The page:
For over a decade, male superheroes have taken the lead in every movie within the Marvel Cinematic Universe. But today, on International Women’s Day, that all changes. Captain Marvel marks the first time Marvel Studios has released a movie led – and named after – a solo female superhero and that came with its own set of expectations.
There’s a long-standing myth in Hollywood that movies centred on women don’t make as much money as ones centred on men. People in power maintained that women didn’t want to do action, and female directors were not up to the challenge of writing and directing big budget movies. Of course, that is a load of old nonsense: misinformation that has been repeated for far too long.
So it’s no wonder that Marvel Studios wanted to get into the female-led movie game and already Captain Marvel is projected to make big bucks. It’s the biggest pre-seller since Avengers: Infinity War on online ticket seller Fandango and box office analysts already predict it will open around the $155 million (£118 million) mark domestically.
The quantity of ticket sales is one thing but the quality of the film has to be just as high, and when it’s a woman leading it has to be higher, further, faster. Historically, if a male-led movie doesn’t do well that doesn’t mean Hollywood will stop making male-led movies. And if we look at Marvel films specifically, there have been quite a few bad ones over the years; Daredevil, Thor: The Dark World, and Spider-Man 3 are some of the worst offenders but they’ve all secured sequels, or been rebooted.
Compare that to Elektra, the only female Marvel character to headline a solo movie (albeit for 20th Century Fox) and after that flopped, it’s taken 14 years for another one to come along. So there’s pressure on Captain Marvel to deliver, as well as for Brie Larson’s hero to serve as a progressive, empowering superhero who is more representative of women today than ever before.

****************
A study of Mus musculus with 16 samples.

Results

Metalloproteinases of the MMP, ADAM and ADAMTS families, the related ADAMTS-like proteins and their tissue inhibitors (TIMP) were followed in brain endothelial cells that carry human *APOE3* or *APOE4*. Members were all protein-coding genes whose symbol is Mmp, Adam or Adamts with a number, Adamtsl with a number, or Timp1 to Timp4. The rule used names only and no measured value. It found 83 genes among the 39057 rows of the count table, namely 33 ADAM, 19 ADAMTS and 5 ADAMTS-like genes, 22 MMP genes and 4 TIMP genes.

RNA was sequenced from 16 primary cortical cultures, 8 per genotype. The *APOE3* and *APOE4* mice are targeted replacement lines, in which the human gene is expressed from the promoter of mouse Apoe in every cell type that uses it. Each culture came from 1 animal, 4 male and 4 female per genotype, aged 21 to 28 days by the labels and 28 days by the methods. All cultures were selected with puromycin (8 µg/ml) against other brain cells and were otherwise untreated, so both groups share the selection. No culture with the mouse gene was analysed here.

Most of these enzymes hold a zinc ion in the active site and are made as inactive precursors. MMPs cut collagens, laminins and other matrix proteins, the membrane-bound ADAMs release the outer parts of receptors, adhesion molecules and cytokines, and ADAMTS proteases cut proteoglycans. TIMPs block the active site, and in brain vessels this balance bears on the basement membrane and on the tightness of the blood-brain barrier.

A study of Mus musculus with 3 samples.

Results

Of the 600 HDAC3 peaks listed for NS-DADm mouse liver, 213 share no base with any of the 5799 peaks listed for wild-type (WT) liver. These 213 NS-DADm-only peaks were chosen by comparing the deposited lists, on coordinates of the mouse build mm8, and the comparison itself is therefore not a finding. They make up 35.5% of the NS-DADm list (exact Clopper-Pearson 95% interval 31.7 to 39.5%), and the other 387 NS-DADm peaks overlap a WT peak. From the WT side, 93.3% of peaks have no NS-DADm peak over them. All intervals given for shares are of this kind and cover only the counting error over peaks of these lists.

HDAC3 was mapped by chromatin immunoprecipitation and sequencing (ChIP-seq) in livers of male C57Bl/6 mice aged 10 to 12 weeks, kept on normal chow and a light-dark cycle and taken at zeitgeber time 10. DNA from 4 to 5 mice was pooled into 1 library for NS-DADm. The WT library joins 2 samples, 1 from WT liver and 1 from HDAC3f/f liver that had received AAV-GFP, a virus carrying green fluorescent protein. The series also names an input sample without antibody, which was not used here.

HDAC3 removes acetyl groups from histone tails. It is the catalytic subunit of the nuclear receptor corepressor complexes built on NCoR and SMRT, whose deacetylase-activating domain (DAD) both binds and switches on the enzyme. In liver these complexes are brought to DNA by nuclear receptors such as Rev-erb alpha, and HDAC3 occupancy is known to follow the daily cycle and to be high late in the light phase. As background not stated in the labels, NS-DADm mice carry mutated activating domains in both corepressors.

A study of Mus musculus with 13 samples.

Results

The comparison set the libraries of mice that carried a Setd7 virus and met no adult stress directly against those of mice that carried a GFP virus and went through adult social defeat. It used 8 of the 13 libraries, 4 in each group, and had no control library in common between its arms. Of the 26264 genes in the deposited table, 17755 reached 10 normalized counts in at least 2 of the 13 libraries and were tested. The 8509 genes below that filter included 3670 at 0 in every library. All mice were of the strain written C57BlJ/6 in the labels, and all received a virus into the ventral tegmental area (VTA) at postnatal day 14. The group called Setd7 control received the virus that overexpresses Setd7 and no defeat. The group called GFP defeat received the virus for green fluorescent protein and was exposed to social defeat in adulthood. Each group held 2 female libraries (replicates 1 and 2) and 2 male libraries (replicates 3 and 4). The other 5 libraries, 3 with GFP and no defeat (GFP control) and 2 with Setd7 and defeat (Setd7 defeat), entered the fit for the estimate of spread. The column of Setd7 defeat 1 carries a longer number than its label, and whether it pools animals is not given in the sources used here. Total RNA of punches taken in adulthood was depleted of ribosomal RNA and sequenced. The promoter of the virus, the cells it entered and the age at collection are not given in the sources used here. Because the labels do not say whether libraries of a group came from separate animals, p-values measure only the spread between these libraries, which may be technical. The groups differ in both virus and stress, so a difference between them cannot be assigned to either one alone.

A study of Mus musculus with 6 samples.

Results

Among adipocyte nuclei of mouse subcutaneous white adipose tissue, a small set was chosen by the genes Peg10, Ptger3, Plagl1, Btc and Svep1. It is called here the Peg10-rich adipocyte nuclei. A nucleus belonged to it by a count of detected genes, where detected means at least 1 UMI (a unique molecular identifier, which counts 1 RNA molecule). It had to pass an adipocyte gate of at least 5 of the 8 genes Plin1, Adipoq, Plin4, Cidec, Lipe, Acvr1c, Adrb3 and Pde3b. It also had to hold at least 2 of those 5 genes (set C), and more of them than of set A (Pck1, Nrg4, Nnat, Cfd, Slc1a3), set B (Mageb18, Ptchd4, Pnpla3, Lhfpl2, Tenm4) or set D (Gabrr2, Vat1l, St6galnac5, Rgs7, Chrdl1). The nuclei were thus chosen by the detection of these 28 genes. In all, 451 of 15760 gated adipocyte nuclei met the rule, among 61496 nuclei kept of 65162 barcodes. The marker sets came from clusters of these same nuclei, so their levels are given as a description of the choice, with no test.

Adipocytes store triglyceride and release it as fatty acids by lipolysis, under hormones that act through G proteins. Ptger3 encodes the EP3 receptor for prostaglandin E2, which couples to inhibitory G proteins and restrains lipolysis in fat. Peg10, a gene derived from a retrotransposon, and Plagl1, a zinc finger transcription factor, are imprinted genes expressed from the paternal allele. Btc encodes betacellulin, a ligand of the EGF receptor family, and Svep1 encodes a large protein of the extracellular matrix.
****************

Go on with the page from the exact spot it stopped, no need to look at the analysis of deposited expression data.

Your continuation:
At every moment in her life she has been underestimated, suffered from sexism and misogyny – both in her professional and personal life – but throughout it all, she’s managed to keep her head held high and not lose the playful spirit that has her doing karaoke with her best pal Maria, or being cheeky to Yon-Rogg, her Kree mentor (Jude Law).
She’s stoic, mischievous, smart, determined, compassionate, and perhaps most importantly, she’s a female hero whose backstory is not forged in abuse. Scarlett Johansson’s Black Widow, Zoe Saldana’s Gamora, Karen Gillan’s Nebula, and Pom Klementieff’s Mantis, were all subject to a form of abuse or violent subordination (or both) during their childhood, and the effects of that have followed them into adulthood.
Yes, Carol doesn’t get along with her dad, but the most traumatic thing to happen in her life came from being the hero, not the victim.
Female pain is too often used as a plot device and it is a testament to co-directors Anna Boden and Ryan Fleck and writers Nicole Perlman, Geneva Robertson-Dworet, Meg LeFauve, Liz Flahive and Carly Mensch who didn’t fall back on that to tell Carol’s story.
So this International Women’s Day I’m thankful that the Marvel Studios has finally added a female-led superhero movie so that more can be added to the Marvel Cinematic Universe as Phase 4 approaches.
Nice to meet you, Captain. See you again very soon.